LUMC will administer first Dutch stem cell gene therapy to patients
Researchers and clinicians at Leiden University Medical Centre (LUMC) are about to begin a milestone clinical study. It will be the first time a stem cell gene therapy developed in the Netherlands is used in a clinic. The therapy will be used to treat children with SCID, a rare disorder where children are born without essential immune cells.
‘We are the first group worldwide to have developed stem cell gene therapy for this type of SCID, RAG1-SCID to be precise. It is also the first stem cell gene therapy initiated by the Netherlands that will actually be used in patients,’ says Professor of Stem Cell Biology Frank Staal. The researchers have spent a total of 15 years developing the therapy and consider the opening of the study a milestone. ‘We can finally start and treat our first patients. Because it is a very rare disorder in newborns, the first patient should probably still be born,’ says Staal.
The right donor
Severe Combined Immunodeficiency (SCID) is a rare congenital immune disorder. Children with SCID are born without essential immune cells so even a harmless common cold virus can be fatal. Without a stem cell transplant, patients die before the age of one. ‘When the tissue type (HLA) of the stem cell donor matches that of the patient, the success rate is very high, reaching 80 to 90%,’ explains Arjan Lankester, Professor of Pediatrics and Stem Cell Transplantation at the Willem-Alexander Children's Hospital.
Unfortunately, no suitable donor is available for half of the patients. ‘Since stem cell transplantation is the only chance of survival, we regularly have to use a donor whose HLA type only partly matches that of the patient. In this case, the survival rate is about 20% lower and the quality of life after transplantation is also reduced,’ Lankester continues. In addition, every stem cell transplant comes with a risk of an unwanted reaction of the donor cells against the patient's body, so-called graft-versus-host disease.
Your own donor
‘Stem cell gene therapy can solve these problems. The patients are their own donors in this therapy,’ Staal explains. ‘The gene error that is present in the patient's stem cells is corrected in our laboratory. We do this with a crippled virus that builds a good version of the gene into the DNA of the stem cells. We then give the corrected stem cells back to the patient. A properly functioning immune system will be able to grow from these cells. We really tackle the problem at the source,’ says Staal.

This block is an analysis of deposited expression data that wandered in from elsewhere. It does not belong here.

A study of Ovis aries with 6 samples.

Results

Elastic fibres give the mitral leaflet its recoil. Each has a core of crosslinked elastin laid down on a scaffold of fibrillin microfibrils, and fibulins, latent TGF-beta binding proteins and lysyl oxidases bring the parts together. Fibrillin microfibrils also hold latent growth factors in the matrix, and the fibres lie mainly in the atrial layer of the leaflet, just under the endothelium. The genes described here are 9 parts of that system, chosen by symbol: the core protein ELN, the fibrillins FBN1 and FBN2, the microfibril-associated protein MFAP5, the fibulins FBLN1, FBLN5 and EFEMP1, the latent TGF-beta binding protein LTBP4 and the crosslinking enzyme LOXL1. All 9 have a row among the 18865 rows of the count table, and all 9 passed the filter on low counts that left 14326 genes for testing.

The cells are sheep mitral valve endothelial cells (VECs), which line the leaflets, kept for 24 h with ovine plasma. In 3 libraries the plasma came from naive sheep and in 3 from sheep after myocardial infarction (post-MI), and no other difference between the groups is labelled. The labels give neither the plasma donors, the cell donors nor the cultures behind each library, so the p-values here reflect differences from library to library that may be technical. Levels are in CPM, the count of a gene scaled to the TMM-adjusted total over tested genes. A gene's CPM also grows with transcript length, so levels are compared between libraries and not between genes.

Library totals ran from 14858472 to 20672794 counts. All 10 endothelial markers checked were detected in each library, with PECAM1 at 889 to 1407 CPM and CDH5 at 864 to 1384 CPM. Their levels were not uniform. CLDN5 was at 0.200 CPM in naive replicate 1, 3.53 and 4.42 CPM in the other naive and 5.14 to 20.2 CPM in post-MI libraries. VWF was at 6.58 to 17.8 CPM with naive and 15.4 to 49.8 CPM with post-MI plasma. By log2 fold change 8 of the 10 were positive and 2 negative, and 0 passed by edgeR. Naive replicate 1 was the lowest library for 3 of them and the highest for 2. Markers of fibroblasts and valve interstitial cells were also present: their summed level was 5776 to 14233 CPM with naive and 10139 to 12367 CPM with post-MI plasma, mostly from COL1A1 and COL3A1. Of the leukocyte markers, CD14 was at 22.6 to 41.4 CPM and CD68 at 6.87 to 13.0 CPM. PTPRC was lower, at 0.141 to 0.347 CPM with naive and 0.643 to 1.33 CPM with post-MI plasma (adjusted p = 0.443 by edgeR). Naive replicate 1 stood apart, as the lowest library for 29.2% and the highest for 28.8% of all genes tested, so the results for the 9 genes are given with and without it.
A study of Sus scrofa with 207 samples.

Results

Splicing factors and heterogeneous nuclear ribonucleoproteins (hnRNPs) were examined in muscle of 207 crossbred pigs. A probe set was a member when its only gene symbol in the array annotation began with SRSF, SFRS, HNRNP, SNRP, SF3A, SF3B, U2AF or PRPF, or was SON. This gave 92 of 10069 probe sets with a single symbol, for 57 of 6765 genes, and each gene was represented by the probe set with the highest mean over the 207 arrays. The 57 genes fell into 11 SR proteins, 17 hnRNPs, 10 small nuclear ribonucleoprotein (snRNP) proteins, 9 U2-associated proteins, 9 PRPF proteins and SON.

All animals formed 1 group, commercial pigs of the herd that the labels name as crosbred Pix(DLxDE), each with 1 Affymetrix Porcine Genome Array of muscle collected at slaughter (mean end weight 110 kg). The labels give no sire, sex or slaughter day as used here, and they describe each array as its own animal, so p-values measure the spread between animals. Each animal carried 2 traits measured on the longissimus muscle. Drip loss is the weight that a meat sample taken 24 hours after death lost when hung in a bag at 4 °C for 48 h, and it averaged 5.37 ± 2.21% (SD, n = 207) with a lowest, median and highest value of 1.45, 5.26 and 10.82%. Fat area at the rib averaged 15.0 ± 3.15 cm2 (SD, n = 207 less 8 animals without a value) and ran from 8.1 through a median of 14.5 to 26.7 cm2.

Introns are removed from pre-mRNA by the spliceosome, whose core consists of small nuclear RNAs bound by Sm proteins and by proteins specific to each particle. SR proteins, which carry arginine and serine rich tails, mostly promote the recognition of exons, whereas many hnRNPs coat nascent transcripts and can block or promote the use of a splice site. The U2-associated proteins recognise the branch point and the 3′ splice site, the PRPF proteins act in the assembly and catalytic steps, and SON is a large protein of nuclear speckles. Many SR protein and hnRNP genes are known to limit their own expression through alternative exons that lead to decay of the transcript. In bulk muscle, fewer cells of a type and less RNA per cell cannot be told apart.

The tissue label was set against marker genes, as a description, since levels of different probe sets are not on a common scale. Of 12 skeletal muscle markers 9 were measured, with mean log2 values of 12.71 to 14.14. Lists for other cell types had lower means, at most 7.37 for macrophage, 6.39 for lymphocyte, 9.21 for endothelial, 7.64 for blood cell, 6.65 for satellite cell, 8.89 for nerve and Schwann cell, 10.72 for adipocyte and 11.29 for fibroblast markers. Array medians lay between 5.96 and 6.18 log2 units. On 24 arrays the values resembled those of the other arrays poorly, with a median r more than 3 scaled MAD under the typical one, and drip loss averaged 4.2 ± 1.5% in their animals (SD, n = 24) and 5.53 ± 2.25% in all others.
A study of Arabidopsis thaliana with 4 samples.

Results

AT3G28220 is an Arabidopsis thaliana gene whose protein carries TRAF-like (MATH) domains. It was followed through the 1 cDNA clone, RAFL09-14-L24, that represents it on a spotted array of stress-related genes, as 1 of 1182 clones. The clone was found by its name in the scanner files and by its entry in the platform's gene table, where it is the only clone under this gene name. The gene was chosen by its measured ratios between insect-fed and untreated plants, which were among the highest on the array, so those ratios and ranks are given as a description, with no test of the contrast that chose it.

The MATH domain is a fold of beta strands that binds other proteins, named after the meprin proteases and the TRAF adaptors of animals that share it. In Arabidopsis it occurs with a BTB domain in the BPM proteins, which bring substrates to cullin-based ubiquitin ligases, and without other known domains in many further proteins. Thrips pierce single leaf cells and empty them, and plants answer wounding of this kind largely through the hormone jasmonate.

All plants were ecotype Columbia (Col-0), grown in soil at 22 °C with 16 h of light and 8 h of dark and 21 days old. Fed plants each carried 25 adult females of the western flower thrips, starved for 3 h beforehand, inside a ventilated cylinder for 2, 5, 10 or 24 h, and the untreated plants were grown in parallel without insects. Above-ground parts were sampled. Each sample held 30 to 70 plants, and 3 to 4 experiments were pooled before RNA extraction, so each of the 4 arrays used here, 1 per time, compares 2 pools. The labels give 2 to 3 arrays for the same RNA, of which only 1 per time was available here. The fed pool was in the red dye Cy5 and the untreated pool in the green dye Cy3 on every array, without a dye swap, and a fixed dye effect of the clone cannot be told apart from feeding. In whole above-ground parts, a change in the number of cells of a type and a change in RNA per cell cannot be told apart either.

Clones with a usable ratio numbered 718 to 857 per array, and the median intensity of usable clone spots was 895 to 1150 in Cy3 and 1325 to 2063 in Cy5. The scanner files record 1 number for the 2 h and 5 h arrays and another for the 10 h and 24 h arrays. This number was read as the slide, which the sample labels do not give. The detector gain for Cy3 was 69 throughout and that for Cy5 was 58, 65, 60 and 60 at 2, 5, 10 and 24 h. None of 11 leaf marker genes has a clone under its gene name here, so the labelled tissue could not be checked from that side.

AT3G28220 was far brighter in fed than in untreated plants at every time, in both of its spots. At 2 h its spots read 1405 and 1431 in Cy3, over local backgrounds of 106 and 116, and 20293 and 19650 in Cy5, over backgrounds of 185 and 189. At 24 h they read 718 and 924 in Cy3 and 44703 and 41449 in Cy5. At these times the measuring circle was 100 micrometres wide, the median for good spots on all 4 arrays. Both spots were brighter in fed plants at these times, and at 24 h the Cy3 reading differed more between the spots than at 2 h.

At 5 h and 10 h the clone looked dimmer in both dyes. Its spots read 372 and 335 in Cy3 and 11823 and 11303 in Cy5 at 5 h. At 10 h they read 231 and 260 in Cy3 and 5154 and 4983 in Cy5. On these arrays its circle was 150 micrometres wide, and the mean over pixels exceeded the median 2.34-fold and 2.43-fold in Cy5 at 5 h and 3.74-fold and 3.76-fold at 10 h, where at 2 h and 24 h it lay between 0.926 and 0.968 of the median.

As easy as it may sound, the reality proved to be quite difficult. Staal: ‘It took us almost 15 years to do this, and for good reason. The type of SCID that we focus on is caused by mutations in a very tricky gene, RAG1. We had to pull out all sorts of tricks to make it work. The more we are pleased now that we have succeeded.’ With this Leiden breakthrough, stem cell gene therapy is now available for the third genetic form of SCID. As a result, this therapy could eventually provide a solution for the majority of all future SCID patients.
Cells travel, not patients
During the development of this new therapy, Staal and Lankester partnered with top institutions from other European countries. ‘This allowed us not only to share our experiences, but also to create a unique structure that benefits patients with this rare disease,’ says Lankester. Whereas SCID patients and their parents have to spend several months in Milan, London or Paris for the two existing stem cell gene therapies, the gene therapy for RAG1-SCID can be made available in several European countries via the LUMC.
Staal and Lankester's motto is therefore: cells travel, not patients. Lankester: ‘In our study, stem cells from foreign patients will be collected in their own hospital, then processed in our laboratory and sent back to the European partner hospitals. This allows the family to remain in their own familiar environment, which obviously has major advantages. This organisational structure will also make the therapy accessible to more European patients.’
According to Staal and Lankester, the fact that the LUMC is the first academic institution in the Netherlands to develop stem cell gene therapy into a clinical application is due to the good cooperation between departments. ‘The LUMC offers a fantastic setting where all fields of expertise, from researchers to doctors and pharmacologists, come together. That is one of the main reasons why we succeeded in developing this therapy,’ says Lankester. ‘This new therapy builds on the long history of the LUMC treating patients with congenital immune disorders. More than 50 years ago, the first successful European stem cell transplant in a patient with SCID was performed at the LUMC.’
The researchers are convinced that this technology can also be used for other rare diseases. ‘Of course, every gene is different,’ says Staal. ‘We are now investigating another SCID gene, RAG2, which appears to require a different approach. But I am confident that we can develop this further into a versatile therapy for a wide range of conditions, including other immune and metabolic diseases for which no optimal treatment options are yet available.’